Why It Matters: An inadequate supply of donor organs.
The research is part of a radical scientific effort to develop an alternative source of transplant organs for Americans whose kidneys, hearts and other organs have failed.
The greatest need is for kidneys. More than 800,000 American have kidney failure, and over 100,000 are on a waiting list for a transplant. Kidney dialysis can keep patients alive, but the gold standard treatment is an organ transplant.
Yet fewer than 25,000 kidney transplants are performed each year because of a scarcity of human donor organs. Thousands of people on the waiting list die each year.
“A lot of folks think dialysis is an appropriate alternative, but people die on dialysis,” said Dr. Jayme Locke, director of U.A.B.’s Comprehensive Transplant Institute and a lead author of the new report.
A number of studies last year demonstrated that pig kidneys that had been transplanted into brain-dead individuals made urine, an essential function, for short periods of time. But the U.A.B. study is the first to clearly show that the organs also filter creatinine, a byproduct of muscle contractions that must be removed from the blood.
“The really new finding here is that these pig kidneys can clear enough creatinine to support an adult human,” Dr. Locke said. The U.A.B. paper was published Wednesday as a research letter in JAMA Surgery.
The kidney performs numerous functions, among them balancing the body’s fluids, regulating blood pressure and controlling pH levels. “If you want to have life-sustaining kidney function, the kidneys have to do more than just make urine,” Dr. Locke said.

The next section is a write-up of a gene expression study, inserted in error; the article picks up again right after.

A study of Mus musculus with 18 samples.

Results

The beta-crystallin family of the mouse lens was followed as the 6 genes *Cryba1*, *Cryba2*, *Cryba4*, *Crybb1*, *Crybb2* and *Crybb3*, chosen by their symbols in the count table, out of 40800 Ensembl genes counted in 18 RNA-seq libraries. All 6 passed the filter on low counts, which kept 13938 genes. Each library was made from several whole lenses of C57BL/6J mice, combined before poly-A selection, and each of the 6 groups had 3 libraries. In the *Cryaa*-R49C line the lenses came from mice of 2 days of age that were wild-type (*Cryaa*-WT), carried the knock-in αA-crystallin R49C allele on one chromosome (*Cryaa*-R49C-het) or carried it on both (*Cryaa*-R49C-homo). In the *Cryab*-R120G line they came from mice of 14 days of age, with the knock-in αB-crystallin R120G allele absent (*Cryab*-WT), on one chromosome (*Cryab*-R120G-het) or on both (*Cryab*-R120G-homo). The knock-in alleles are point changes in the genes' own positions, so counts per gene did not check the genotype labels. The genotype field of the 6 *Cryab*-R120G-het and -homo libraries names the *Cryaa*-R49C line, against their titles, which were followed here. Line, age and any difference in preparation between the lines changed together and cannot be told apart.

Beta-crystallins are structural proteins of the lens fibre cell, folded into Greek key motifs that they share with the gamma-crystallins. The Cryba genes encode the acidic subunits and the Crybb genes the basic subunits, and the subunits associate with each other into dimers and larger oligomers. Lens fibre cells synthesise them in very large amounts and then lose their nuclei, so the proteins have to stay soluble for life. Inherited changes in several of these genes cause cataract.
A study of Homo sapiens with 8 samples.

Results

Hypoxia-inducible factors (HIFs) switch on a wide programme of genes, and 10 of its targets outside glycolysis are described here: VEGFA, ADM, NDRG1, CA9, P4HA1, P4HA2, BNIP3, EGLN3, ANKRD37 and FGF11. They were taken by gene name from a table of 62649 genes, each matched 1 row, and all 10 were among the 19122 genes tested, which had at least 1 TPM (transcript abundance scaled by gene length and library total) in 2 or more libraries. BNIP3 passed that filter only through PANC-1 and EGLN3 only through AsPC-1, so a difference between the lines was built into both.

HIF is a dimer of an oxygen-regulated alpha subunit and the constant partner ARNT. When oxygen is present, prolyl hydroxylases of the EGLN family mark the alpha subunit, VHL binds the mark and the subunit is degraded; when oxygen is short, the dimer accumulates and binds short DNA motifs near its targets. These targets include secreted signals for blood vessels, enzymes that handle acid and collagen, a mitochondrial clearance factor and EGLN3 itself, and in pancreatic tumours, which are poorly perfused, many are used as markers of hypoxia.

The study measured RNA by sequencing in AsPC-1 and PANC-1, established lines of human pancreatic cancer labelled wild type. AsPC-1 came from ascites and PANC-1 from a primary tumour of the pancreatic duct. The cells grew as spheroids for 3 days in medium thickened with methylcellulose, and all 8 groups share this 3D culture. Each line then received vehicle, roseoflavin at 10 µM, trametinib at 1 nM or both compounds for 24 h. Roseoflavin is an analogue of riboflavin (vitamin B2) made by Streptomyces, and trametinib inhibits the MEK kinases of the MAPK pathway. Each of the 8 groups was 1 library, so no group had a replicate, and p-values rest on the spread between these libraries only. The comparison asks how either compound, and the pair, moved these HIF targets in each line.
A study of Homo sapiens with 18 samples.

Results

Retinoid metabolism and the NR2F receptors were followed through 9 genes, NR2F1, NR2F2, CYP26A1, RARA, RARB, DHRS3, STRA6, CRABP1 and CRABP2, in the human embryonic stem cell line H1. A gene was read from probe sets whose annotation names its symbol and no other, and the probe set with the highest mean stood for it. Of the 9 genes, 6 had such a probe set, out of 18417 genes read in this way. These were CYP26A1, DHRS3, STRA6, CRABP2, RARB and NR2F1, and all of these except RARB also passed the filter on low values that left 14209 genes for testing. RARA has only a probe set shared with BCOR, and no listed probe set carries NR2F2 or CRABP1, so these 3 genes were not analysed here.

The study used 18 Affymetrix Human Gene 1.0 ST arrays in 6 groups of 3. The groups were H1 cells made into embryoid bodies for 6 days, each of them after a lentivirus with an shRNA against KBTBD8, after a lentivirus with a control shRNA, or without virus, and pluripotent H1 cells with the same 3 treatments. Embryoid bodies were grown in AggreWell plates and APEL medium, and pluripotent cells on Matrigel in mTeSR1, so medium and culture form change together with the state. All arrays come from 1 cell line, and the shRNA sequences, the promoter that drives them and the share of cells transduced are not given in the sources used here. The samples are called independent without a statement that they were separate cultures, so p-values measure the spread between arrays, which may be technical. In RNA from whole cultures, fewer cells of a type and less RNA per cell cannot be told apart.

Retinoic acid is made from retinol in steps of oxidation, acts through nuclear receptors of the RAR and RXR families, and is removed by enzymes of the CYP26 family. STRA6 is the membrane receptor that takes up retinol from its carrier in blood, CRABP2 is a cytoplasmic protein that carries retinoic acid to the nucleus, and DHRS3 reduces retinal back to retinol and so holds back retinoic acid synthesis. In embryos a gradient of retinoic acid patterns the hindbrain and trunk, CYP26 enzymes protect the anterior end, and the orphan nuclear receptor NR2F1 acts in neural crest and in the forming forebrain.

Background: Animal organs may be a solution to the shortage.
Xenotransplantation, the transplantation of animal organs into humans, has long been a goal of surgeons. Recent advances in cloning and genetic engineering have led to rapid breakthroughs.
In 2021, surgeons at NYU Langone Health announced they had attached a kidney from a genetically modified pig to a brain-dead individual who was maintained on a ventilator. A few months later, researchers at the University of Maryland transplanted a heart from a genetically modified pig into a 57-year-old patient with heart failure. He died two months later, and traces of a virus known to infect pigs were found in the organ.
Dr. Locke and her colleagues reported last year that they had for the first time successfully transplanted kidneys from a genetically modified pig into the abdomen of a brain-dead man.
The organs used in the experiments at U.A.B. and N.Y.U. are slightly different, though both were derived from pigs provided by Revivicor, a subsidiary of United Therapeutics Corporation, a biotech company.
The kidneys used at U.A.B. came from pigs that had undergone 10 gene modifications, while the kidneys used at N.Y.U. had only one genetic modification. The N.Y.U. procedure also calls for embedding the pig’s thymus gland, which is responsible for educating the immune system, underneath the outer layer of the new kidney to prevent an immune-system attack.
What’s Next: A clinical trial in humans.
So far, transplants of genetically modified pig kidneys have been made only to brain-dead patients. Dr. Locke and her colleagues are in discussions with the Food and Drug Administration about launching a first clinical trial in live patients.